Monumental women

Instating statues in honor of women on campus would combat national patriarchy.

By Asya Akca

In parks, government buildings, and the streets of any city, we can often see the familiar sight of a statue made of bronze or marble featuring a victorious hero perched on his trusted warhorse. I remember seeing these monuments as a child, all of which dramatically commemorated the contributions of great men. We rationalize the obvious lack of memorials of consequential women with our knowledge that, historically, men have been the heads of our nations, communities, and households.

However, we have long since moved on from the notion that men are the only capable leaders of society. So, I ask: What is the purpose of statues, busts, and portraits? They commemorate an honor or victory, but almost all indicate exceptionality. They stand as notable monuments to people of particular accomplishment. Their presence asks the viewer for admiration, respect, and emulation. This sense of reverence, embodied in art, is forever embedded upon the eyes of impressionable young boys and girls, from their first teetering walk through the park. Unfortunately, this admiration and respect engendered in our youth is primarily reserved for men. Thus, children are brought up with the idea that leadership and power are primarily a man’s domain.

In an attempt to solve this implicit societal implication, Elizabeth Cady Stanton’s great-great-granddaughter, Coline Jenkins, launched the Elizabeth Cady Stanton and Susan B. Anthony State Fund. In New York City’s Central Park, there are 22 statues that honor men and a few that honor women. However, the women depicted are Alice in Wonderland, Romeo’s Juliet, and Mother Goose. There is not one single statue of a real, nonfictional woman in all of Central Park, while there have been countless women in our nation’s history who deserve recognition alongside their male counterparts.

Today, we are still confronted with the reality that women are largely absent from the forefront of politics, science, technology, engineering, mathematics, and executive positions in general. There are infinite reasons for this unfortunate imbalance, such as the media’s negative and objectifying portrayal of women, the lack of recognition for historical female leaders, and a lack of emphasis on women’s history in our nation’s classrooms and wider culture. There is an unmistakable correlation between the lack of female symbols of leadership in our society (i.e. statues, monuments, memorials) and the lack of female representation in leadership positions. In front of us is a tremendous opportunity to address this broader issue right here, right now.

UChicago is not immune to our society’s broader recognition lag of influential women. It takes only one meal in Hutchinson Commons to become aware of the gender disparity in our commemorative public art. There are countless statues, busts, and tablets of honorable individuals who have contributed to the University through their great discoveries, leadership, and patronage, but close to none of them are women. In fact, I have only seen three portraits of women on campus: Hanna Holborn Gray, president of the University; Marion Talbot, dean of Women and professor in Department of Household Administration, Ida Noyes, LaVerne Noyes’s wife; and one tablet of Alice Freeman Palmer, dean of Women, located above the fireplace in Hutchinson Commons compared to the hundreds of depictions of influential men around campus.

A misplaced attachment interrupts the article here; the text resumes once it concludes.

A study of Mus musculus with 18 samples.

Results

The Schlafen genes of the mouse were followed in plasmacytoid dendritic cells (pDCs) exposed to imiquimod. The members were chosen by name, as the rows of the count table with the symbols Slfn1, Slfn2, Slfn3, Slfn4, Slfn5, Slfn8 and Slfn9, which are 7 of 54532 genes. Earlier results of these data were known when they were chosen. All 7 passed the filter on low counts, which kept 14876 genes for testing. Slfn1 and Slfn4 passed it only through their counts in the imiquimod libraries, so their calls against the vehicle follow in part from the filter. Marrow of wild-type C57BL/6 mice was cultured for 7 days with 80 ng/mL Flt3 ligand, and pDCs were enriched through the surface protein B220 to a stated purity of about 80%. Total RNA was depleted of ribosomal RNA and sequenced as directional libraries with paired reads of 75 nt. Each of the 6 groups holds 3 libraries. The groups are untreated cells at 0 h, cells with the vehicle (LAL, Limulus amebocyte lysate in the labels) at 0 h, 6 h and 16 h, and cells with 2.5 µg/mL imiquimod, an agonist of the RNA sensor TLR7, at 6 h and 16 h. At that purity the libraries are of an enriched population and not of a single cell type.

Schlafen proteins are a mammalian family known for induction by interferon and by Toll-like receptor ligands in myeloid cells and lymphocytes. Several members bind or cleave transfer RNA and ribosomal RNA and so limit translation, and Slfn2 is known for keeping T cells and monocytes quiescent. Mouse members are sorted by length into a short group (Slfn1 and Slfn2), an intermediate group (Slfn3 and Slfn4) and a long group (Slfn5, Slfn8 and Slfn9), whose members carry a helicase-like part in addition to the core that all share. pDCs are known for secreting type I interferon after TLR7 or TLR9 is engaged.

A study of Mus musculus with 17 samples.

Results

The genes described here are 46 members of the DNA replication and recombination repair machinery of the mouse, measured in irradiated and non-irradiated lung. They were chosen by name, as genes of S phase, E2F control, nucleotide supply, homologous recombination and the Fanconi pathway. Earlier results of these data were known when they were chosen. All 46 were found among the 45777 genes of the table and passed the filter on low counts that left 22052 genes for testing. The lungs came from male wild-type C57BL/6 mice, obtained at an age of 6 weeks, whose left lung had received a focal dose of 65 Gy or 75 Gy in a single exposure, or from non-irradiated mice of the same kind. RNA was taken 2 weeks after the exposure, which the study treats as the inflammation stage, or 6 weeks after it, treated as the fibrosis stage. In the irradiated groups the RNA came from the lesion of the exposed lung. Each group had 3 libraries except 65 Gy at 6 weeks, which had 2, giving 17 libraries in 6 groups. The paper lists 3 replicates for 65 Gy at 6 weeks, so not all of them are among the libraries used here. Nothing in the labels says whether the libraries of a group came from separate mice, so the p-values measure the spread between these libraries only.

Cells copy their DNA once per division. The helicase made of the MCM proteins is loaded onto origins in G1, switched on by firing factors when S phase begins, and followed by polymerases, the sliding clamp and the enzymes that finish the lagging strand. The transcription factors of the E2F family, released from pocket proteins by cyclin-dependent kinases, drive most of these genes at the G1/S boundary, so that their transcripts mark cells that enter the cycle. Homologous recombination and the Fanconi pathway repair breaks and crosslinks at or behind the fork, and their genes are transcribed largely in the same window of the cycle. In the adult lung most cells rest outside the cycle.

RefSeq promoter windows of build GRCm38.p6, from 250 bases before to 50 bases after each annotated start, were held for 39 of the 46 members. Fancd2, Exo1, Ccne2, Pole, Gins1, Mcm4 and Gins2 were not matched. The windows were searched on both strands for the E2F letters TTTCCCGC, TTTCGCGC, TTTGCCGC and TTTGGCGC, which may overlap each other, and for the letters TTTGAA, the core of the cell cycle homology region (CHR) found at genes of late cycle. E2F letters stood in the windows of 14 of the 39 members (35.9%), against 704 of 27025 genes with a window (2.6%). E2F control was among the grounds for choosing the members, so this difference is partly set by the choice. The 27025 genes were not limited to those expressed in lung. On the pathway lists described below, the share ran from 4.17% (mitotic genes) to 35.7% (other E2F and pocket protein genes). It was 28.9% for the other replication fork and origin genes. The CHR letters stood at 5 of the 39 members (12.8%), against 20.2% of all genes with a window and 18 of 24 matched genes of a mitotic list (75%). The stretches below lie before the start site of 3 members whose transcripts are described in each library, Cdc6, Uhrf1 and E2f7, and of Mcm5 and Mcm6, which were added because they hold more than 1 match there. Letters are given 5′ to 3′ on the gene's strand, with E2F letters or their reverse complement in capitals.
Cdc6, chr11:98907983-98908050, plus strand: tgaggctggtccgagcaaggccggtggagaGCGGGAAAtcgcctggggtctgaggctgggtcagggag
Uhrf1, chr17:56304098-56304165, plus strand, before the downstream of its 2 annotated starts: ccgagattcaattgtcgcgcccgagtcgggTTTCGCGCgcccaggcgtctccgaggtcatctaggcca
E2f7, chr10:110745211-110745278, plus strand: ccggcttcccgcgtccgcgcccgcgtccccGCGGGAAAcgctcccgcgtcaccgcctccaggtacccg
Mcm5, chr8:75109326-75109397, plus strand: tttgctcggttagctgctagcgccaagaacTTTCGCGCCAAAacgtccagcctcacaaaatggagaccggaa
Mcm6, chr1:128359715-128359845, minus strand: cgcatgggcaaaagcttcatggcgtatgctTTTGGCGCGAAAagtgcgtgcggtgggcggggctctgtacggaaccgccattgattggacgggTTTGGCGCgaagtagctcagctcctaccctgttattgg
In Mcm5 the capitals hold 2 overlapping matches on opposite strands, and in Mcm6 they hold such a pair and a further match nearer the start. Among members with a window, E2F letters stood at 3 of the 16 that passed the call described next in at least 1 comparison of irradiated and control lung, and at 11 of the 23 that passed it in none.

Of course, it is impossible to change the course of history or he number of female University Presidents that we have had (one); however, it is not impossible to embark on a mission to commemorate women who have made significant contributions to UChicago’s history.

At the University, we need a way to  bring to life the accomplishments and contributions of influential women who have either been faculty or alumni of the University, and who have contributed greatly to academic growth and discovery throughout their lifetimes. Not only would increasing the number of female monuments address a broader national problem by setting a precedent for other universities, but it would also work to encourage and empower women on our own campus.

The scarcity of instances in which women are honored has not been due to the lack of influential female faculty members or alumni who have contributed greatly to “discovery, education, and society” throughout their lifetimes. Instead, this is yet another instance in which we, as a society, have been numbed to the exclusive sight of men in power without questioning the reasons behind this norm. Whether it is the massive sculpture of Walt Whitman in Harper Memorial Library, the Aleko Konstantinov bust on the second floor of the Regenstein Library, or the Charles Darwin statue in the Biological Sciences Learning Center, we have become accustomed to seeing men as the only influential characters in our University’s history without ever considering what may be missing from the wider artistic palate of our campus.

We have to understand that this disproportionality is not an immutable fact of our current world—rather a social construct that can easily be modified by changing the physical perception of leadership, through the implementation of projects such as these. It all starts by readjusting our eyes, and becoming accustomed to seeing powerful women honored on our campuses, in our cities, and in our nation.

Asya Akça is a first -year in the College majoring in political science.